Credit: Kasra Koushan , Kasra Koushan

Off-campus organization Skulls, known as Phi Kappa Sigma when it was an on-campus fraternity, is in the process of attempting to move back on campus both in name and into their old house.

The fraternity, which was founded at Penn, suspended the organization’s Penn charter and closed its Alpha chapter on Sept. 16, 2012 following the death of John Carroll University student Matthew Crozier.

Crozier was at the Skulls house on Locust Street for an unregistered New Year’s Eve party when, at around 3 a.m., he tripped while approaching a second flight of stairs in the house. He fell 30 feet and died from his injuries on Jan. 5.

The chapter was evicted from its Locust Street house and the fraternity ceased to exist officially, and no members formed an off-campus organization at that time. In fall 2015, a group of freshmen decided to try to recolonize the fraternity’s chapter by establishing an off-campus group. They formed an interest group and reaching out to the fraternity’s national headquarters to begin the process of becoming an official chapter, and eventually moving back into their house on campus.

“I actually originally had a really close group of friends and the thing is that everybody was like when you join a new frat, you’re kind of blending in with a new group of people,” Wharton sophomore and Skulls President Garrison Xian said. “For us, it’s just like, instead of joining an old identity or trying to fit into someone else’s identity or another organization’s identity, why don’t we do something on our own?”

Xian said the group has gained the support of the national fraternity, which will start discussion with the University to start the process for the group to become the official campus chapter.

“We spoke to nationals about it and nationals was super supportive because, of course, this is the Alpha chapter,” Xian added. “Nationals is backing us completely.”

The chapter’s support from its national organization was confirmed by Executive Director Timothy Schug.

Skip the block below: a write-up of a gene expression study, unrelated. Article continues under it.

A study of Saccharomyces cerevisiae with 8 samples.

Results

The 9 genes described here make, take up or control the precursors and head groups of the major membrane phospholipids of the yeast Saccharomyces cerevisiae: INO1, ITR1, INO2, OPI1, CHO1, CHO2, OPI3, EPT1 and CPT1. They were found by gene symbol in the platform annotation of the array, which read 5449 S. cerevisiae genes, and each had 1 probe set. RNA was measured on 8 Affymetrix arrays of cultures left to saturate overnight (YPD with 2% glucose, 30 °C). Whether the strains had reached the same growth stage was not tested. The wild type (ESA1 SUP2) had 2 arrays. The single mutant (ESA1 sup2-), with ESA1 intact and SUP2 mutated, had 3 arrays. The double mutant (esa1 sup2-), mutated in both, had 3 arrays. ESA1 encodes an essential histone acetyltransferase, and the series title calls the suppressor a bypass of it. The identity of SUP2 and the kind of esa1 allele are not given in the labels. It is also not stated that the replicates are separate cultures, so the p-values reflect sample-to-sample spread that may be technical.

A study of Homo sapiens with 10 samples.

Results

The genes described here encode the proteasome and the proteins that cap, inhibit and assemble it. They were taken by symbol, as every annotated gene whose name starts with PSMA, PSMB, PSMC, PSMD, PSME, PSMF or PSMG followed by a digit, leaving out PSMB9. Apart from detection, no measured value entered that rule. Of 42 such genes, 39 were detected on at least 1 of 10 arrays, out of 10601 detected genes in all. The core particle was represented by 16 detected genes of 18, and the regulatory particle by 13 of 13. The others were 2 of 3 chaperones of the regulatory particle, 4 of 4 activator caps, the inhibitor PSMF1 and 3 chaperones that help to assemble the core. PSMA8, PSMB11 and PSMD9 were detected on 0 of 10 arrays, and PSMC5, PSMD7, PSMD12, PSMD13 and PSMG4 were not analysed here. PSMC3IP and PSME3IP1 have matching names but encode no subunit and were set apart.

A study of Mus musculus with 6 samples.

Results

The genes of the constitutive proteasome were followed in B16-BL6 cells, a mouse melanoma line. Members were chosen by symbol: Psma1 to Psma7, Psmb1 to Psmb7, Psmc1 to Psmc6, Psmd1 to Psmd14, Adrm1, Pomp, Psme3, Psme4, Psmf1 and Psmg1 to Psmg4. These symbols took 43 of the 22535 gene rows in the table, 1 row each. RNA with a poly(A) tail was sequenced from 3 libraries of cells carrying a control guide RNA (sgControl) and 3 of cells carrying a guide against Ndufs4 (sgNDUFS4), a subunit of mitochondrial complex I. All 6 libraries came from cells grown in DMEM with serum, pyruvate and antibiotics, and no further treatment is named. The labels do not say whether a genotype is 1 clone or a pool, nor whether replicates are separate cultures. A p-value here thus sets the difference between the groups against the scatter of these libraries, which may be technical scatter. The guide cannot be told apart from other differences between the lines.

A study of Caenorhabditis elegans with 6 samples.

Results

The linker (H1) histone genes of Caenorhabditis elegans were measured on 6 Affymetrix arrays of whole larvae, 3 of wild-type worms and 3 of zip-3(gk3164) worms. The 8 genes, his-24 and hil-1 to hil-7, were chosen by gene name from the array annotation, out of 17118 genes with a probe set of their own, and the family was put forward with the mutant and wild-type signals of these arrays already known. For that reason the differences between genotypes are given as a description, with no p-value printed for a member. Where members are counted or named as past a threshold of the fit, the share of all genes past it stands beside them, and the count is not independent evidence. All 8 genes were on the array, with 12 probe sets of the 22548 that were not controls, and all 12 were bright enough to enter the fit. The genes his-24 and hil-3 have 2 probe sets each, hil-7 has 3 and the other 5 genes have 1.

“As you know, Phi Kappa Sigma was founded at Penn and there is always that desire to have an active chapter on campus, let alone because of the caliber of the institution,” Schug said. “The process for Phi Kappa Sigma’s return is ongoing as we work with the University, our own timetable and the resources necessary to ensure the long-term viability of a chapter with respect to Phi Kappa Sigma’s relationship with the University.”

The national chapter expressed interest in eventually having a future chapter move back into the on-campus house in 2014, but discussion regarding the move was not initiated until last fall. The process is still in the negotiation stage.

“Regardless of whether any national organization is interested in recolonization, no formal process has begun at Penn,” Director of Penn’s Office of Fraternity and Sorority Life Eddie Banks-Crosson said.

Xian said that during initial talks with the Office of Fraternity and Sorority Life in February last year, the organization warned the group of the lengthy procedure required for a chapter’s re-establishment on campus and told the members they were “way better off just joining [an existing] frat.”

Xian said he and his friends are undeterred, but said negotiations at this point were mainly between the national organization and OFSL. Current Skulls members are unaware of the progress of the talks.

“We know it’s going to be a difficult process but we still decided to go through with it,” Xian said. “After that, they said they’re willing to have conversations about it this year and they want it to come from nationals instead of us because they need a lot of lawyers to negotiate this entire deal through.”

College junior and President of the Interfraternity Council Bradley Freeman said he was not aware of the recolonization discussions.

“I don’t have any information on Skulls moving back on campus,” Freeman said. “This is the first I’m hearing of this.”

OFSL, the national headquarters and the Penn chapter are currently unable to confirm a timeline for when the chapter will officially be recognized as an on-campus fraternity and will be able to formally recruit again.

“At this time, I do not have an answer as to when the organization may begin recruiting students on Penn’s campus, despite the positive interest many students have shown when inquiring about our return,” Schug said.

Xian added that he does not see the chapter coming back on campus any time soon.

“Coming back on campus, I can’t see it happening in the next few months. I haven’t thought that far ahead honestly because I’m the current president and for me, I feel like I just want to take steps, one small step at a time,” Xian said. “I think that when that does come, it’ll be at that time that we look into how we can brand, how we can market to freshman.”

However, Xian remains optimistic about the future of the organization’s chapter at Penn.

“Honestly, I’m pretty excited about it,” Xian said. “In my opinion, I think, just based upon how receptive nationals has been and the fact that they are talking to the University about it and even the fact that you heard about it, I think that it’s definitely moving in the right direction and moving at a good pace.”